SRP: Where did you come up with the idea for After Dunkirk?
Lee: I have to give my publisher credit for pointing me toward writing World War II historical fiction. I had recently seen the movie “Dunkirk” and one element of the story that I had never heard before was the question of what happened to the roughly 200,000 left behind.
SRP: What can you tell us about the plot?
Lee: The story is as intriguing as the evacuation at Dunkirk itself. To evacuate 330,000 troops, Great Britain needed a rear-guard to provide protection as the evacuation progressed. Many of those troops composing the protective force, were green troops, just arrived in France. Others were non-combatants suddenly thrown into a combat role. I wanted to know what happened to them. My research revealed stories that were not only intimate to individual players, but also on a grander scale—i.e. small details led to a huge impact on the war. In the case of the Dunkirk, the effort to rescue those left behind led to Britain’s biggest maritime tragedy of all time eclipsing the Titanic. How that came about is detailed in After Dunkirk.
SRP: How did you choose this setting?
Lee: The story chose the setting, and it is larger than Dunkirk. The French Resistance (a term that describes loosely affiliated and independent groups) started up even before Germany crossed the Maginot by intelligent people who read the tea leaves of world events. Immediately, they were faced with hordes of British soldiers left behind who needed help to stay alive, healthy, and get home.
Getting home meant evading capture in sometimes overland treks across France to other places south of Dunkirk. Without food or shelter, those soldiers had no choice but to ask for help from French families, who aided them in abundance at great personal risk. And, as it happens, Winston Churchill had foreseen that this might occur and set up an organization to assist. The cooperation between those elements of British intelligence and the French Resistance is a large part of the story.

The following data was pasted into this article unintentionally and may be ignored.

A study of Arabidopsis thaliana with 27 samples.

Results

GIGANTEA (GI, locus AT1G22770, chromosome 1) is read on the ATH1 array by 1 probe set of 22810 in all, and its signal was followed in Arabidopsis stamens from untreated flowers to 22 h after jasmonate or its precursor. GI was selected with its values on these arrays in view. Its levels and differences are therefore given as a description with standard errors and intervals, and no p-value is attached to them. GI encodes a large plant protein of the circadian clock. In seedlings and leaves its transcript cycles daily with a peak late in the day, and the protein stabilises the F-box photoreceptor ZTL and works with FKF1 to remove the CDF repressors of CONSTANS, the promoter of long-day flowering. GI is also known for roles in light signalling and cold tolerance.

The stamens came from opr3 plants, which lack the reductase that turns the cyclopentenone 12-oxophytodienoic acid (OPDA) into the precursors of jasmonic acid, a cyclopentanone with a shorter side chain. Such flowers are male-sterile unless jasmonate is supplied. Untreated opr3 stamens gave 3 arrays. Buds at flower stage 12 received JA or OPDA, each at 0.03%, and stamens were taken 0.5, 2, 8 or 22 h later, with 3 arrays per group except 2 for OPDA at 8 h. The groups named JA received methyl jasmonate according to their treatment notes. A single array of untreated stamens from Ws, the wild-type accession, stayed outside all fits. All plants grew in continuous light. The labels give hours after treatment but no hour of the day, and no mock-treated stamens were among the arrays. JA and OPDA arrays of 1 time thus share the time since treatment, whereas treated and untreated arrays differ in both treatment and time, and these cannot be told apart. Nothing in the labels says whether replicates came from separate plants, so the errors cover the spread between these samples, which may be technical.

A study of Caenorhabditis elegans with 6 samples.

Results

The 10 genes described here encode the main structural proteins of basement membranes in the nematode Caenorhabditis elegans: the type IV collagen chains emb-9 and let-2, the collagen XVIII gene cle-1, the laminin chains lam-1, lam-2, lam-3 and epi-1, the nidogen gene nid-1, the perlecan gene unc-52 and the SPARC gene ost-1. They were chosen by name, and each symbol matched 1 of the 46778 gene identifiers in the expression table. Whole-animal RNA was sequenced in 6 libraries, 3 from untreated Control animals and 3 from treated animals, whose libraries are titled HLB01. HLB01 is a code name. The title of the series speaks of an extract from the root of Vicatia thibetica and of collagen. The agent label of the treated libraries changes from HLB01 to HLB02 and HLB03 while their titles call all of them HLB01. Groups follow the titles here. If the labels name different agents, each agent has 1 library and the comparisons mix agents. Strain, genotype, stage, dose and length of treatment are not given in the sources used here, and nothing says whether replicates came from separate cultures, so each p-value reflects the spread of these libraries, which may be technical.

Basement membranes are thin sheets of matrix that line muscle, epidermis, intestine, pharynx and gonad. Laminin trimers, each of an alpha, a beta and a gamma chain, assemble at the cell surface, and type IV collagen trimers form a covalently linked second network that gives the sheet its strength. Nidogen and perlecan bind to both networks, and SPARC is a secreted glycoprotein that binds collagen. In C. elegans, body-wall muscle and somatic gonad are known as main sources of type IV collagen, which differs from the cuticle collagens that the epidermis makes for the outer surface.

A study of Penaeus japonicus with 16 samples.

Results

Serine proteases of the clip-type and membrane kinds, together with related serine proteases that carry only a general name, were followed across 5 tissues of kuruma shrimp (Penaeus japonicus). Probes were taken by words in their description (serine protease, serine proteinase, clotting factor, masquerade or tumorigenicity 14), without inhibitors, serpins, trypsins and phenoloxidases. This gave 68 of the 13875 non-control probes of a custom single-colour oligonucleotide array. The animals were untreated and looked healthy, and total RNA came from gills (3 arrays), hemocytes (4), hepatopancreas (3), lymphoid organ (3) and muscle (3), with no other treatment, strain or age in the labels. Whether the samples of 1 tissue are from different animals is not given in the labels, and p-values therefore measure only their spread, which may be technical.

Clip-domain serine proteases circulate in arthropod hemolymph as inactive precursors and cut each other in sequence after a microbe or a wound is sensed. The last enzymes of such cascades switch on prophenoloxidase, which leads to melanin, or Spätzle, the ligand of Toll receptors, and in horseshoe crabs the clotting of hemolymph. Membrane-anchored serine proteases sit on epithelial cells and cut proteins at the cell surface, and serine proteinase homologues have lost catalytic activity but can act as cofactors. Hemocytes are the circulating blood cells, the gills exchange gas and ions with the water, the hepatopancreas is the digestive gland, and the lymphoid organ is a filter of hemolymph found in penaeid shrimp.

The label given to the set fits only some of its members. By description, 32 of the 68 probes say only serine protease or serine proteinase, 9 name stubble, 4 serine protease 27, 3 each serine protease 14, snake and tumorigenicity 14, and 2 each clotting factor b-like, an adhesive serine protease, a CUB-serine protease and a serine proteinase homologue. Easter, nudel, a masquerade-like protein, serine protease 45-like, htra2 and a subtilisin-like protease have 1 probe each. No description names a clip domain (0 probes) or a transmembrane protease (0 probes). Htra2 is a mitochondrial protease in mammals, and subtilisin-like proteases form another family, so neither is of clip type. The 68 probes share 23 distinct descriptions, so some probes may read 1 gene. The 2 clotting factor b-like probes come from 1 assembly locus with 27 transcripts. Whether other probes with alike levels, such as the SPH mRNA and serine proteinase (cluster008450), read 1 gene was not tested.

SRP: What was the most difficult part of writing this book?
Lee: Boiling down the individual acts of courage and self-sacrifice in the context of the “big picture” was a challenge. For example, Neville Chamberlain is reviled for his appeasement of Hitler at Munich. However, much to my surprise, I found that a credible argument can be made that precisely that action bought Great Britain time to develop an advanced defense system that saved the country in its darkest hours. Simultaneously, they developed an intelligence system that, although it did not predict German actions regarding the invasion through the Netherlands and Belgium, it might have supplied information that led to the notion that the invasion at Dunkirk was feasible, with limited time to execute.
SRP: What’s next for the series?
Lee: The story, as I have written it, centers on a family of British subjects whose home is on Sark Island in the English Channel Islands. The Germans did, as a matter of fact occupy those islands for PR reasons—for bragging rights over taking British territory. The family on whose story I based this series has three sons and a daughter, all engaged in the war effort.
Jeremy, the central figure and youngest son in the family, finds himself on the beach at Dunkirk when the evacuation there is complete. His middle-brother, Lance, is only a few miles away. A very different personality, he relished the army and the thought of combat. Claire, their older sister, is a decoder for British Intelligence in London and struggles with national secrets that she cannot divulge which affect her brothers. Paul, the eldest son, is also in British Intelligence. He is diligent, intelligent, inquisitive, and does not hesitate to prod superiors to take action where it might shed light and assist with his brothers’ individual plights. Their parents, still on Sark Island, confront a different kind of Nazi threat— one that is more subtle.
The next book in the series, Eagles Over Britain, is a progression from After Dunkirk as the family continues to hold together as best they can while Hermann Göring unleashes the full might of his bombers against British airfields, and “the Few” struggle against overwhelming strength to fight. They fight for king and country, not knowing that the stakes are much higher than just losing England to a tyrant.
SRP: What are you reading now and/or what good books have you read lately?
Lee: Writing this series required an enormous amount of research, but I find it rewarding. The challenge then becomes incorporating salient points into a story that is as historically accurate as possible without burdening readers with pointless detail. To that end, these are just a few of the books I’ve read in recent months researching for After Dunkirk:
Dunkirk: The Men Left Behind by Sean Longden
A Life in Secrets: Vera Atkins and the Missing Agents of WWII by Sarah Helm
When the Germans Came by Duncan Barrett
A Man Called Intrepid by William Stevenson
Beneath a Scarlet Sky by Mark Sullivan
SRP: As a writer, what would you choose as your mascot?
Lee: The American Eagle
After Dunkirk by Lee Jackson is available now. Get your copy here.